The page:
Sonam Kapoor’s ‘Karma’ Comment Deserves Criticism, Not Hate
Does Sonam really deserve the kind of hate she’s getting?
Whether it’s Varun Dhawan saying ‘privilege = your father purchasing you a pencil box’ or Ananya Panday trying to explain how her privilege is not privileged enough, Bollywood actors seem to have a long, problematic history of justifying the prevalent nepotism in the industry. By now, you’d think they’d learn from such widely criticised instances but nope. Recently, Sonam Kapoor, once again, found herself being schooled by Twitter, and this time with good reason.
Here’s What Happened
On Sunday, 21 June - on the occasion of Father’s day - Sonam Kapoor took to social media to do exactly what everyone does. Put out that mandatory Father’s Day post. But boy, did she do it wrong.
Sonam started out with very heartfelt words - “Today on Father’s Day id like to say one more thing, yes I’m my fathers daughter and yes I am here because of him and yes I’m privileged.”
So far so good, right? Who doesn’t appreciate a Bollywood celebrity at least *trying* to acknowledge her privilege.
Then she started defending her privilege...
“That’s not an insult, my father has worked very hard to give me all of this.”
Still okay. Sure, there are layers to that one sentence. Hard work is not as black and white but we can let it go. Right?
However, her last sentence is what really triggered the outrage. Sonam concluded with an extremely tone-deaf statement, “And it is my karma where I’m born and to whom I’m born. I’m proud.”
And that, friends, is when all hell broke loose.
As an upper-caste woman belonging to a Hindu family, I’ve been on the other end of many such conversations. Conversations where my relatives have sat me down and tried to explain how my life is the result of my pre-determined “karma” and how I should be grateful for that, are awkward at best and infuriating at worst. Like Sonam, my relatives refuse to see how casteist their seemingly harmless opinions about ‘karma’ are.
But a person like Sonam Kapoor, who walks around with plenty of woke points in her pocket (she’s a very vocal LGBTQ+ ally), making such blatant casteist remarks in public is hella problematic.
Sonam clearly does not realise how her statement is justifying centuries of systemic caste oppression and class inequality that still very much exists in society. Yes, Sonam, you were born in an extremely privileged family and that’s great for you but to go out there and say that the reason others do not share the same fortune is because of some arbitrary past-life ‘karma’ nonsense is just WRONG. You can’t blame the underprivileged for being underprivileged and absolve yourself of any responsibility towards society.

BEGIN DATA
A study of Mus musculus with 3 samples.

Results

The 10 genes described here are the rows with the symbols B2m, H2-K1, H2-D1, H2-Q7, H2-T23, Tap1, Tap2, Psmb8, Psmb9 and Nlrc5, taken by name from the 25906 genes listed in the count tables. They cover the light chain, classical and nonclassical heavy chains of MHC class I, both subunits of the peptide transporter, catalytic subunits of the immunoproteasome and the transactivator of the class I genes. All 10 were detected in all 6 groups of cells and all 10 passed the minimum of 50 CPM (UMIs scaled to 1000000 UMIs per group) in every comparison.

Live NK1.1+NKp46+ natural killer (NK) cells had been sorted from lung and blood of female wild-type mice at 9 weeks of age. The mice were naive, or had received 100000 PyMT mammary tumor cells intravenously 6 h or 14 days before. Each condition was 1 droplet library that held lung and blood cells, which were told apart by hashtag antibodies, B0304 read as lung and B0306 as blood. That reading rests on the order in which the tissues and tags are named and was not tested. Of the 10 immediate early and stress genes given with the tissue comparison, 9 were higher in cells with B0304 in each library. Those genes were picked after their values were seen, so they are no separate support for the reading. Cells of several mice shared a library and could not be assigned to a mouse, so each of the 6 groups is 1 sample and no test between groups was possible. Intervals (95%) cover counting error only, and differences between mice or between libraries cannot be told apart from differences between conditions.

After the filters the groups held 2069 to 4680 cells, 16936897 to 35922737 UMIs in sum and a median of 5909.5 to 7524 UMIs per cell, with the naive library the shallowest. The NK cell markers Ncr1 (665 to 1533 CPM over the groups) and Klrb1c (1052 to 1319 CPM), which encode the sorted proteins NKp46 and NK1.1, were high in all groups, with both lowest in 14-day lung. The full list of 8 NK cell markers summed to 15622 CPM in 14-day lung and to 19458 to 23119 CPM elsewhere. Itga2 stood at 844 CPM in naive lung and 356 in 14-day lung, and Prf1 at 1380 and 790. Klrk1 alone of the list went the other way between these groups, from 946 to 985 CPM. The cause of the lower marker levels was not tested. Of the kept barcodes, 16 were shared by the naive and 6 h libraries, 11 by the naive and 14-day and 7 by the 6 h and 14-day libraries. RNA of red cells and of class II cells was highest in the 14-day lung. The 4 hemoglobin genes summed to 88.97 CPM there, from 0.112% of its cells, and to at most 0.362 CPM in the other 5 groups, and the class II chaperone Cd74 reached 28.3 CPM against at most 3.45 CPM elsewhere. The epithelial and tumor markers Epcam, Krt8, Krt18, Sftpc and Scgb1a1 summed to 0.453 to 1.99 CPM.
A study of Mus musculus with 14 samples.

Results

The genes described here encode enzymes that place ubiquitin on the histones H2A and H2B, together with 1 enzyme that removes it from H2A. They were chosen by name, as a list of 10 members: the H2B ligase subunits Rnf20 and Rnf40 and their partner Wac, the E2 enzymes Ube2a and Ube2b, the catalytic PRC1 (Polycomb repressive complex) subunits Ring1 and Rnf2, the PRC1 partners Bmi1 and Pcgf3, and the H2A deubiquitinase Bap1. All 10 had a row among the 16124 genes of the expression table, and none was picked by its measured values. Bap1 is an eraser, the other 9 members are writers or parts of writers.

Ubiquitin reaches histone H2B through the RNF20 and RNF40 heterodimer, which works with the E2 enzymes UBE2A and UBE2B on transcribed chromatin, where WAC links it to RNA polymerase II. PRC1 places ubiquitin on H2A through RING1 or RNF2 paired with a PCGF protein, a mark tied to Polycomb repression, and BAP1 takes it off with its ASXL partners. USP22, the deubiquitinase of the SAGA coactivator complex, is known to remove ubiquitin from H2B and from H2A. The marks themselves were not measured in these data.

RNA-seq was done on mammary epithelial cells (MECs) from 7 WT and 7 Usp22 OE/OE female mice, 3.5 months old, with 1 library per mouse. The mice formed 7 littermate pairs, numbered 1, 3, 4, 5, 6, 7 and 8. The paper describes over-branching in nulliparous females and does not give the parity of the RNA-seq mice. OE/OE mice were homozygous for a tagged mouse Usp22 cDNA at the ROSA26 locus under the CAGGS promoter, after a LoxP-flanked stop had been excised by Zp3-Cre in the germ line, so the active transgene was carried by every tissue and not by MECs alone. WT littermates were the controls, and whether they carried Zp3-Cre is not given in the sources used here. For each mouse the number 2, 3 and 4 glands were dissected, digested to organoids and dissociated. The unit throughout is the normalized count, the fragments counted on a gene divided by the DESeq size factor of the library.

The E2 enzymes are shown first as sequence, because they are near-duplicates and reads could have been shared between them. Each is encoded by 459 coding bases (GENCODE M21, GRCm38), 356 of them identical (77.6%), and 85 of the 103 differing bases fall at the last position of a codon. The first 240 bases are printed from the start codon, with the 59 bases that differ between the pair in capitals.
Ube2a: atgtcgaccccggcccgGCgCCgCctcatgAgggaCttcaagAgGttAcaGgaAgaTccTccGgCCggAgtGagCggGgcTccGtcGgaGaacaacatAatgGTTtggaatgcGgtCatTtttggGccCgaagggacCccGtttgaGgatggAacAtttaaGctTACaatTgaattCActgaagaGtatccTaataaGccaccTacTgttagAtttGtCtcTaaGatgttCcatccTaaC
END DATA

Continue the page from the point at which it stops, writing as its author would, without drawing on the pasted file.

There’s a huge difference between acknowledging your privilege and being entitled, and that tweet is definitely Sonam flexing her entitlement with no sensitivity whatsoever.
Now here’s the thing - I wholeheartedly believe in Sonam being called out for her tweet. But some of the awful trolling that followed her Father’s day post just seemed a little unnecessary.
For starters, this tweet calls her out for all the right things but in all the wrong ways. There’s no need to use derogatory and hateful language when calling out a celebrity, right?
It’s Been a Bad Week for Sonam
Sonam has been on the wrong side of Twitter for over a week now. Following Sushant Singh Rajput’s death, many began blaming her for the incident by circulating a completely out-of-context snippet from the TV show Koffee with Karan. It was wrong and no one’s denying that and it’s understandable if Sonam gets defensive about the incident, considering how it wasn’t her fault in the first place.
But for her to use the ‘karma’ debate as a comeback is, once again, in bad taste.
Let’s Talk Online Bullying
Sonam doesn’t deserve an iota of sympathy for her entitled casteist comments but I think we do need to acknowledge that the way we treat celebrities is not right. Sonam took to Instagram to share several hateful comments she received in light of Sushant’s death. And, TBH, they are quite hurtful.
Sonam’s tweet might be problematic, she might be the product of nepotism, she might be completely ignorant of her privilege.. but to flood her DMs with messages like “hope one day you’ll face same thing” and “you all should cry for your children death” is a bit too much.
Moreover, do we really expect Sonam to pay any heed to the sensible backlash coming her way when this is what’s grabbing most of her time and attention?
In one of the stories posted by Sonam, the actor talked about the cyberbullying culture. She wrote about how easy it is for a person on social media to hide behind a veil of anonymity and spew hate.
“You want to tag my 64 year old mother in a threat to rape me? Do it on your own profile so that your mom can see who you’ve become too.”
In the same post, Sonam also wrote, “Want me to use my privilege well? To be kind. Well, I’m trying. Social media and having a voice is a privilege too.”
And I’ve got to admit, Sonam has a point. There’s a very fine line between necessary criticism and hateful social media trolling, and slipping into the latter is very easy if one does not exercise caution. Public figures might seem accessible because of how closely we follow them on our screens but that does not give anyone the right to give up basic human decency while speaking about or to them.
So many of us go on and on about celebrities not using their privilege and power responsibly but are they the only ones who need to be responsible? Doesn’t the person criticising a celebrity also need to choose their words responsibly?